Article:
Swansea High St at night gave a fair imitation of a late summer evening. The trees still retained their leafy canopies and the evening air was comfortable. On Bethesda St, Matts Cafe held a pop up restaurant so we left the train station in search of the street (shown above) and curry. The food was excellent as were the bands.
The good wather did not hold. The following day began with my host family’s activities: BSL lessons, a session at Outcasts in Llansamlet, lunch at Peg 2 in Mumbles, accompanied by heavy rain and drizzle.
Peg 2 is a restaurant that donates its profits to good causes across Swansea and is part of a wider network that works to offset poverty across the city. I later met the cafe workers at a church service. The food at Peg’s is excellent offering a wide choice of food well prepared and presented.
I especially loved the tiny herbs on my plate of sweet potato hash and it takes some skill to poach an egg well. The food was good value for money and all in a good cause. The one thing that has struck me is how much of a cafe culture there is in Swansea, and how it has become a city of eateries, drive through restaurants, pizza places, ice cream parlours and coffee dens. There are places to suit all tastes; there is even a roadside cafe on the road to Penclawdd selling Lebanese food which I’m assured is excellent.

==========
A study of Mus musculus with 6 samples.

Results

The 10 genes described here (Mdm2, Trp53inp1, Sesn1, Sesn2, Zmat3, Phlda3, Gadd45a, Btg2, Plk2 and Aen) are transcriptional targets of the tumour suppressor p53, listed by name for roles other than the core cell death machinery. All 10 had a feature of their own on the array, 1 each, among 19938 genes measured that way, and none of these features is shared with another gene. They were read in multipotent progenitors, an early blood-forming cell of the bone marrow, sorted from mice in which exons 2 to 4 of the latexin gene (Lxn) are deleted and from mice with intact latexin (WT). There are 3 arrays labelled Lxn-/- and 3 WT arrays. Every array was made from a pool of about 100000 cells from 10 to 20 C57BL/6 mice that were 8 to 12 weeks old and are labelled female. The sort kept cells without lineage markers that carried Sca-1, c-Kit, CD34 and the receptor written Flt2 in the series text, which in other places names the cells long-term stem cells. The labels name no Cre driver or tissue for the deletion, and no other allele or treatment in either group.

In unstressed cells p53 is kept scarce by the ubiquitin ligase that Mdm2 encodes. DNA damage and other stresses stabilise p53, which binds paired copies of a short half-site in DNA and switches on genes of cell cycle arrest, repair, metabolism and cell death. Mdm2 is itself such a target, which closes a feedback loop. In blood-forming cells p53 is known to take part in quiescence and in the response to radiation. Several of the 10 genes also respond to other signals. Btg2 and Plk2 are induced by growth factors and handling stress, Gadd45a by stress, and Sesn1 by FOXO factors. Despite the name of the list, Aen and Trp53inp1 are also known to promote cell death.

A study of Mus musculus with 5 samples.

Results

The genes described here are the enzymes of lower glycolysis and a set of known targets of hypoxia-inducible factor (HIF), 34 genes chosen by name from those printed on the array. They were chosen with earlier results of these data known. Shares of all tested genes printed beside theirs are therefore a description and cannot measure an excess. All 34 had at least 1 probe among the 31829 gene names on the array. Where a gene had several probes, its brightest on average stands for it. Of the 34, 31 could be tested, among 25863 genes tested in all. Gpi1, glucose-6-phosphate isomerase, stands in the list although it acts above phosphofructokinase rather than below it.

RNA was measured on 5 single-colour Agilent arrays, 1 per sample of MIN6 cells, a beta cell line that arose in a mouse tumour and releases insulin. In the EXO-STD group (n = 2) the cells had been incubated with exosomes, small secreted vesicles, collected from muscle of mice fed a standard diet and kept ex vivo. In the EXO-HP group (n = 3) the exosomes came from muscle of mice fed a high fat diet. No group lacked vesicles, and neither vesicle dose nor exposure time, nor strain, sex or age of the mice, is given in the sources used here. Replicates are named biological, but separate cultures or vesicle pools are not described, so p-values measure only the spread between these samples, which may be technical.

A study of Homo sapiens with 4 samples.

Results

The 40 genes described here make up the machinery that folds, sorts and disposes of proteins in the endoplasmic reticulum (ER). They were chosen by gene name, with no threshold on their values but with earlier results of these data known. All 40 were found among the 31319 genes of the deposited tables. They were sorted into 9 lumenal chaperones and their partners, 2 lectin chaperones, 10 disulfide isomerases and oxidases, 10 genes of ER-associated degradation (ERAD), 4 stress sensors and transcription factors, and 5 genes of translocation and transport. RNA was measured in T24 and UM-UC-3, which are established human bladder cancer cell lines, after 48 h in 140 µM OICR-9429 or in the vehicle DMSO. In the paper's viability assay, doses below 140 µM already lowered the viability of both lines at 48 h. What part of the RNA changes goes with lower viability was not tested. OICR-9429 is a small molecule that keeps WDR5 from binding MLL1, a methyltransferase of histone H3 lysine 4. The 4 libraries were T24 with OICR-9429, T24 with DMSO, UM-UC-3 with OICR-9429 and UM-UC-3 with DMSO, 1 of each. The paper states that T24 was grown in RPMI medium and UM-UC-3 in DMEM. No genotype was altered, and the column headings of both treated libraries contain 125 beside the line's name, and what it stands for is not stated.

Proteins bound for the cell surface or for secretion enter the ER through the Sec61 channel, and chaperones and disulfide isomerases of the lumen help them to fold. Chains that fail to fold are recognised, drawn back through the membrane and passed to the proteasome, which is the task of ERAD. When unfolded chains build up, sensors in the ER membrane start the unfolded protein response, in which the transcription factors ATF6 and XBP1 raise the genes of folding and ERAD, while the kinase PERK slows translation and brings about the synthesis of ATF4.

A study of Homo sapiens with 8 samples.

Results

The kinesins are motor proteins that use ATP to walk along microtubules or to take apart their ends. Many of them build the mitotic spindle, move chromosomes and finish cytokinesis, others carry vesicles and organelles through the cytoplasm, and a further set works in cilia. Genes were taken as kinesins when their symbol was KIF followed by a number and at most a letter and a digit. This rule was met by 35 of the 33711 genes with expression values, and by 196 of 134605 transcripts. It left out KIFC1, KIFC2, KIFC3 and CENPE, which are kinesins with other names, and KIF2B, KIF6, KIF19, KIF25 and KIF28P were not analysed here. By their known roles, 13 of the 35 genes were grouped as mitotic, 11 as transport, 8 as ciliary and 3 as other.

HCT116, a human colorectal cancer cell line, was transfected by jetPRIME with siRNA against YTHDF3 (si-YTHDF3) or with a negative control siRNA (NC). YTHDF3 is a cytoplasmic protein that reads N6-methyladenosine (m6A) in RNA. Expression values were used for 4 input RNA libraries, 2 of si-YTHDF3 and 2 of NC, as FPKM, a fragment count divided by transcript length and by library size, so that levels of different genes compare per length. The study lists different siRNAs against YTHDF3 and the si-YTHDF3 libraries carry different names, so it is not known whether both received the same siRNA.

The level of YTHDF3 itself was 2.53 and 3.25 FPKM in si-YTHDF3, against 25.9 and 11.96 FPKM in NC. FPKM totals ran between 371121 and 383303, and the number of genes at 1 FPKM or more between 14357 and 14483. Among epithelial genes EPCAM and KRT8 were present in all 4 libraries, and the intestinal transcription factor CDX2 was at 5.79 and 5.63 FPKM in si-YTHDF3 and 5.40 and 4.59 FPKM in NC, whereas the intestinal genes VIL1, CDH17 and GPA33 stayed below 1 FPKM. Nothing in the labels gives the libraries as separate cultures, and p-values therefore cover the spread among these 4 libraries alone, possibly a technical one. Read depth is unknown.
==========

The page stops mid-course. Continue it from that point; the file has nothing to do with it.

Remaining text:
Of course Penclawdd means salt marshes and mists and the weather closed in so that it was impossible to see across the estuary or beyond the motor boat. The marshlands are full of sea birds and wild life, and the seagulls squabbled and swooped until their leader succeeded in opening a chip packet
Caawell Bay was a heady mix of woodland and salt. The surf was lively and small children braved the high winds around the coast, like an army of wetsuits flanked by anxious watchful parents. Ibeatched a surfer far out in the bay and mapped familiar points in my mind. It seemed each cove or rock held an association with family and friends as I created a memory map, and even as I write this I remember more connections not just from childhood with my sister and brother but from my teens, when we built fires and grilled sausages , drank coke or Fanta and made twisty things out iv flour and water. Those idyllic summer days seemed far away in the teeth of a chill wind, and the grey high tide. I guess I’ll have to wait until next year for a swim.